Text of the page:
I have noticed recently certain positions taken by the Ministry of Labour that clearly establish bias, a perception that should be avoided at all costs, because of the ministry’s impartial and conciliatory role in handling disputes between employers and trade unions.
Labour disputes are not clear-cut issues such as failing to stop at a major road where the law in terms of penalty is clear and unambiguous. Labour disputes are subject to different interpretations and the role of the ministry as conciliator is to advise on the rightfulness or not of the respective party’s position in order to achieve a consensus outcome, failing which a deadlock is declared and the parties advised to apply for arbitration in keeping with their agreement. In other words the role is more advisory based on experience and knowledge of the laws, with the ultimate objective of nudging the parties towards a settlement. The ministry does have powers of enforcement against employers for breaches of the law under the Labour Act, but taking a definitive position in favour of one party on issues that are clearly contentious in nature can lead to a position of inflexibility by the disfavoured party, obviously evident in both the GGMC and UG strikes. And accusing the unions of violating fundamental industrial relations principles will not help to resolve the problem. It is an accepted norm that no employer would negotiate under duress while there is a strike, so, why confirm it in writing by deeming it illegal – another contentious issue.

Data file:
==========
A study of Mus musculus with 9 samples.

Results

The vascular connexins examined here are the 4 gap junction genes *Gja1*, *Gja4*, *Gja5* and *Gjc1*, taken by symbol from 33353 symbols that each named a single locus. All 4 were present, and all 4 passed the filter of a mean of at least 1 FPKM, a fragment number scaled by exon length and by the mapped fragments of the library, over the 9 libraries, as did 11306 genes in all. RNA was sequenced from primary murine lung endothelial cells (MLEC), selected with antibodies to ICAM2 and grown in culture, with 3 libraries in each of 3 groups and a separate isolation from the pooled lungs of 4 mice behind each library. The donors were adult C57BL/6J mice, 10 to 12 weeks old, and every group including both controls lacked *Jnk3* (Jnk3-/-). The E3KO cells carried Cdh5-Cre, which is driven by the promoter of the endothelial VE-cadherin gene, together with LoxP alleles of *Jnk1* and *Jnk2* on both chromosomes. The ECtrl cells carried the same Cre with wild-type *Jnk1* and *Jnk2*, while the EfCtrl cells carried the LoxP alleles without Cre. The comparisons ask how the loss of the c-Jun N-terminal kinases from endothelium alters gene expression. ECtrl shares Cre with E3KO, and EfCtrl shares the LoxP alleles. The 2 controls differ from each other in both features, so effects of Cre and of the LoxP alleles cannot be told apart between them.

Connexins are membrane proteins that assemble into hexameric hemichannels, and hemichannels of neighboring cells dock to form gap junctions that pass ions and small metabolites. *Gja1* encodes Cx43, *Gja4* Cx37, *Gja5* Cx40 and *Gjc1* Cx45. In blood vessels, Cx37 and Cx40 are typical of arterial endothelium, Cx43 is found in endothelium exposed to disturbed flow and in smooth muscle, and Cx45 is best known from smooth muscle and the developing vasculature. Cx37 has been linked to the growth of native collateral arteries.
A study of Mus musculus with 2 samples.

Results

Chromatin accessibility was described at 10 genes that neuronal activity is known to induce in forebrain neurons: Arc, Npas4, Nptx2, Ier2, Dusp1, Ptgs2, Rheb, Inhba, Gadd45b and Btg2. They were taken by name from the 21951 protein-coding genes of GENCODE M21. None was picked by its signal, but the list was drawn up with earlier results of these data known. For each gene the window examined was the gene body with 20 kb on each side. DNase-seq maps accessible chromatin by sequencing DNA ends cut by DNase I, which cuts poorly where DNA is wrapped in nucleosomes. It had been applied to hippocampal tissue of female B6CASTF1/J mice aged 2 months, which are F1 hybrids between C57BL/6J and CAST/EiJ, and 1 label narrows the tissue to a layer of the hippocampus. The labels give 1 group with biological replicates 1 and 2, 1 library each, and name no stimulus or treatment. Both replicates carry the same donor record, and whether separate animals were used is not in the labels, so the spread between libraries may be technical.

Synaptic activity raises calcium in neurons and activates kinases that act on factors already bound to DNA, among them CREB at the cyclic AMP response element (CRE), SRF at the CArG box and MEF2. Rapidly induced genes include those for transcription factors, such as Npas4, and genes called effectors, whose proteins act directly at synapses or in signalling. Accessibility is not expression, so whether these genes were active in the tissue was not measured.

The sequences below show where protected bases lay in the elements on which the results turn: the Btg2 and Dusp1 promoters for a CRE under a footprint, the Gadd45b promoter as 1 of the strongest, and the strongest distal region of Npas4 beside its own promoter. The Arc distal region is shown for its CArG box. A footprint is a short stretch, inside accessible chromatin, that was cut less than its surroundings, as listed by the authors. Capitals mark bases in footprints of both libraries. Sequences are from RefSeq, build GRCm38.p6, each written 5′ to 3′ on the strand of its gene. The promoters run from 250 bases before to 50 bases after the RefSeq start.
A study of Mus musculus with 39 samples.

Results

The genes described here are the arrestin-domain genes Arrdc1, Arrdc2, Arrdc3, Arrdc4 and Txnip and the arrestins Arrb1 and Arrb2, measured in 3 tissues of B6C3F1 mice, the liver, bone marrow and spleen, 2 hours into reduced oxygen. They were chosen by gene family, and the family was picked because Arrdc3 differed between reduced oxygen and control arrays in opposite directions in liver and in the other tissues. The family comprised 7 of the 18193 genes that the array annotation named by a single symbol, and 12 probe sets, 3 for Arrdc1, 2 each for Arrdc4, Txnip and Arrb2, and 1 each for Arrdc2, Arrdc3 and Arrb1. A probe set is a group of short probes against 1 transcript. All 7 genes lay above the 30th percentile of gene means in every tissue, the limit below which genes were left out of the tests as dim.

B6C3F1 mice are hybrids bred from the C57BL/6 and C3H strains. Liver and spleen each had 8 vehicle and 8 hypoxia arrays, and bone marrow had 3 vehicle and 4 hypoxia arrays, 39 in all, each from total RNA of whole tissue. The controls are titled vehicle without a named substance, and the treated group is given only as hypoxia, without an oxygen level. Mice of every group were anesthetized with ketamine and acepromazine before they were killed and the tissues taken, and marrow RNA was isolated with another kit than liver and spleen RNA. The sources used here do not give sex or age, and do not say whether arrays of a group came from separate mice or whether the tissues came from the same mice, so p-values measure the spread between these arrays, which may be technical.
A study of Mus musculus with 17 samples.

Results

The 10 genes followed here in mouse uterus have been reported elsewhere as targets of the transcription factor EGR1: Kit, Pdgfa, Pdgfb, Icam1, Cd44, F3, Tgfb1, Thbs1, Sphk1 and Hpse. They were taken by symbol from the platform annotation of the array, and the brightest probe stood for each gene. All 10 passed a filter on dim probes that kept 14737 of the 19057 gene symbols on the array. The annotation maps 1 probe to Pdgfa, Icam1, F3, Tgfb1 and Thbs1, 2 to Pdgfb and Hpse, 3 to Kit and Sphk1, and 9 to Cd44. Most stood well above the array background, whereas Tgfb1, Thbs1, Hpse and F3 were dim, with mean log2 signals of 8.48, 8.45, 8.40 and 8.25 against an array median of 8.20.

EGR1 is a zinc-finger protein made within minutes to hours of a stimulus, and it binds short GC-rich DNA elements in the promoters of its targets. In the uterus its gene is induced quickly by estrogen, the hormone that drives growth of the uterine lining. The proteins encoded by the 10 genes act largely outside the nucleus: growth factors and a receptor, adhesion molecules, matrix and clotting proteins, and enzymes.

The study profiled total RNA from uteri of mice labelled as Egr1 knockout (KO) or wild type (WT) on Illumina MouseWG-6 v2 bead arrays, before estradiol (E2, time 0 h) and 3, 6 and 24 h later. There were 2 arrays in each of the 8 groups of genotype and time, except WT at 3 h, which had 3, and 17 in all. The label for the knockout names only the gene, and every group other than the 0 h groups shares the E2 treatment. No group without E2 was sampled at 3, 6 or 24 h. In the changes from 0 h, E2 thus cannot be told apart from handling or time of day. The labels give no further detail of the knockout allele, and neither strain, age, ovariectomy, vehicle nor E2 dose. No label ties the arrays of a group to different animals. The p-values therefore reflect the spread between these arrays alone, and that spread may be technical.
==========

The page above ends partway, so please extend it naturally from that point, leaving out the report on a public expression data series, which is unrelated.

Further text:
On the other hand, dismissals as a dispute are subject to litigation where a judge may rule differently from the ministry, hence the need to avoid making recommendations at conciliation.
The GAWU and GuySuCo dismissal is now engaging the attention of the courts. Hopefully, the outcome will vindicate the recommendation of the Ministry of Labour.